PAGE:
Capturing carbon dioxide for the chemical industry
High-resolution neutron imaging can uncover the workings of an electrolytic cell designed to turn the greenhouse gas carbon dioxide into useful chemicals.
Mitigating uncontrolled climate change due to carbon dioxide (CO2) emissions from burning fossil fuels is probably the major challenge for the 21st century. An exciting approach that is gaining increasing interest is to capture and re-use CO2 by converting it into useful chemicals like carbon monoxide. This gas, when mixed with hydrogen for example, is a traditional feedstock for making a wide variety of high-value products such as pharmaceuticals.
This process can be achieved by utilising a clean, renewable source of electricity in a so-called electrolyser. This is a device, which is rather like a reverse fuel cell, consists of two electrodes – a cathode and an anode – coated with a suitable catalyst and immersed in an electrically conducting electrolyte. Introducing CO2 at the cathode in the presence of water, results in the formation of carbon monoxide gas together with negative hydroxide (OH-) ions, when an electrical current is passed through; oxygen and water are generated from the hydroxide ions at the anode. The reaction is best carried out using an alkaline electrolyte, in particular potassium hydroxide (KOH), so as to suppress a competing chemical reaction at the electrodes generating hydrogen and oxygen from the water.
The most promising design for this electrochemical reactor is the zero-gap electrolyser. This is a slimline device with two flat, multilayer electrodes directly separated by a special membrane that allows the transport of negative ions like hydroxide but hinders the crossing through of the positive potassium ions. Each electrode consists of a porous layer that gases can pass into and a thin layer of a metal catalyst sitting next to the membrane. On the outer sides of the assembly are current-collecting metal plates and units containing channels to allow gases to flow to and from the electrodes. This so-called zero-gap design offers a much improved performance over conventional cells, especially at the high currents needed for commercial operation. They are already reaching pilot scale. However, there are still design issues to be overcome.
One problem is that the hydroxide ions rapidly react with the CO2 to form negative carbonate ions at the cathode which travel through the membrane dragging water molecules through as well, thus drying out the cathode. At the same time, some potassium ions slip through to the cathode, and in the dry conditions created, form small crystals of potassium carbonate and bicarbonate within the cathode pores. This prevents the CO2 from reaching the catalyst sites where the carbon monoxide formation happens. Furthermore, the carbonate particles attract water which also clogs up the pores. The performance of the cell is thus reduced, especially at high current operation.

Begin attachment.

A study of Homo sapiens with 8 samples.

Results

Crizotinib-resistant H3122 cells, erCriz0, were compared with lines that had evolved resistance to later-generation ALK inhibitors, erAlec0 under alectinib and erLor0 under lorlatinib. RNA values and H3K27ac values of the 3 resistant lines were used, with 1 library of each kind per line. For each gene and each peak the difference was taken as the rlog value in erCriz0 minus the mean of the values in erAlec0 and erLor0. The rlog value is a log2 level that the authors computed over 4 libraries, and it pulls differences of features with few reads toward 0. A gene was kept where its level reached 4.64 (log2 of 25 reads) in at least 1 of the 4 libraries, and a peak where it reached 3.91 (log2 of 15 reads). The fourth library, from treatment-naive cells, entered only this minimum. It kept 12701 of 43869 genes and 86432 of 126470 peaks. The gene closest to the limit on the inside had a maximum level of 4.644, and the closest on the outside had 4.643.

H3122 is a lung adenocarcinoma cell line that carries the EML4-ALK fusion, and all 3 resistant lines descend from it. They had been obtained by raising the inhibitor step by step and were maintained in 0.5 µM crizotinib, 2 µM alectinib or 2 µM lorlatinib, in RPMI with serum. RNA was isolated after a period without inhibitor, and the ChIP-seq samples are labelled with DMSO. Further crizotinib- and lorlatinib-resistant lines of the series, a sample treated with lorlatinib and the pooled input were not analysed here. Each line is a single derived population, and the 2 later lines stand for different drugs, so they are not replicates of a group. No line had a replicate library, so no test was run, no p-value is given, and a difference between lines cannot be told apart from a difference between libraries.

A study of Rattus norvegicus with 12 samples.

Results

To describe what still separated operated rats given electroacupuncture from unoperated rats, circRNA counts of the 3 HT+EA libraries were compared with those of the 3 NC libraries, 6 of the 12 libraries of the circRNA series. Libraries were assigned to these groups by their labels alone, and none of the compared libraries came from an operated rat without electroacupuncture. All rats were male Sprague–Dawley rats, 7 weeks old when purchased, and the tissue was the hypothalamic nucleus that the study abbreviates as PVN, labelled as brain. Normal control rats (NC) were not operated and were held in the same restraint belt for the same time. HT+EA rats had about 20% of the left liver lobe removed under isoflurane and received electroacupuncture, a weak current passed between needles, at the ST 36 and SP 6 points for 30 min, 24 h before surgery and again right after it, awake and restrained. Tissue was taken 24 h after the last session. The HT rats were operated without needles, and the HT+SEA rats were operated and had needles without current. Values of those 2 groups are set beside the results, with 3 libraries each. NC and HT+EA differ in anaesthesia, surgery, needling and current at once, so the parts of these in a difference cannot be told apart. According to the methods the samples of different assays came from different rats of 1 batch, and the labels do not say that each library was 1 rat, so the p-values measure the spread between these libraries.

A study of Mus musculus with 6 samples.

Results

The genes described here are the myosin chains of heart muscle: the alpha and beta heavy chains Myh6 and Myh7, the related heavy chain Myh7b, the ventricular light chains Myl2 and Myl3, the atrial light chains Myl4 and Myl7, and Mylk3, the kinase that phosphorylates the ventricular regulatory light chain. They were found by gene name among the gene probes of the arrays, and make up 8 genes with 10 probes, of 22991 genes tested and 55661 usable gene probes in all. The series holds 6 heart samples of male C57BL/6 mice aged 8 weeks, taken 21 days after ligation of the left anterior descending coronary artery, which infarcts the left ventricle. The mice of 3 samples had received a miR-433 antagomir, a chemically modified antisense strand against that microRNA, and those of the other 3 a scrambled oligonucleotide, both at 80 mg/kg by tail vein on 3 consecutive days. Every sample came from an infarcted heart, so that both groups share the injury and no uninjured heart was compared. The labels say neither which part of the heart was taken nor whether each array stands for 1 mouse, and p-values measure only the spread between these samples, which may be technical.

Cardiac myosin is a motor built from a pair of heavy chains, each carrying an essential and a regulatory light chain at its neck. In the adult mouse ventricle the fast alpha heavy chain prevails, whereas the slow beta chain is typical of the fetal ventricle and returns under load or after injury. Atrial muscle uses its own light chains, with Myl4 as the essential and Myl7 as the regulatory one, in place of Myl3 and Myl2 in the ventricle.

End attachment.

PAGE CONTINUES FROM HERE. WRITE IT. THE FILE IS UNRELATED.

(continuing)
The power of neutron radiography
To find solutions requires investigating how the water travels through the cell and where it ends up, as well as establishing how the solid carbonates build up in the pores over time and at different current intensities. Neutron radiography is an excellent technique for investigating water transport and distribution in devices like electrochemical cells. Neutrons are attenuated to varying degrees depending on a material’s composition to give an image, just as in X-ray imaging but with a different contrast. Because neutrons are particularly sensitive to hydrogen, they can locate water and other hydrogen-containing compounds inside a sample, revealed as a darker area in the neutron radiograph collected. Materials that absorb or scatter fewer neutrons are seen as differentially lighter.
We were therefore able to employ neutron imaging to investigate the internal workings of a small, specially-made cell with a silver catalyst coating on the cathode and iridium dioxide on the anode. We could evaluate the performance of the cell by operando imaging with highest spatial resolutions down to the scale of some micrometers at different currents and over time, referencing the images obtained with no current. The high-resolution images obtained at NeXT clearly revealed darker areas indicating water, and allowed us to infer where the solid carbonates were likely deposited (seen as lighter areas) with micrometre-scale resolution.
These studies thus demonstrated that neutron imaging is a powerful analytical tool in developing the optimum architecture for an effective zero-gap CO2 electrolyser.
Instruments used: ILL’s NeXT neutron and X-ray tomograph, and an intensified neutron microscopy detector from the FRM II neutron source at the Technical University of Munich.
Research paper: Joey Disch et al., “High-resolution neutron imaging of salt precipitation and water transport in zero-gap CO2 electrolysis”, Nature Communications, 2022, 13, 6099, https://doi.org/10.1038/s41467-022-33694-y.
Research team: Joey Disch, Luca Bohn, Susanne Koch, Matthias Breitwieser and Severin Vierrath (University of Freiburg, Germany), Michael Schulz and Yiyong Han (Technical University of Munich, Germany), and Alessandro Tengattini and Lukas Helfen (University of Grenoble and the ILL).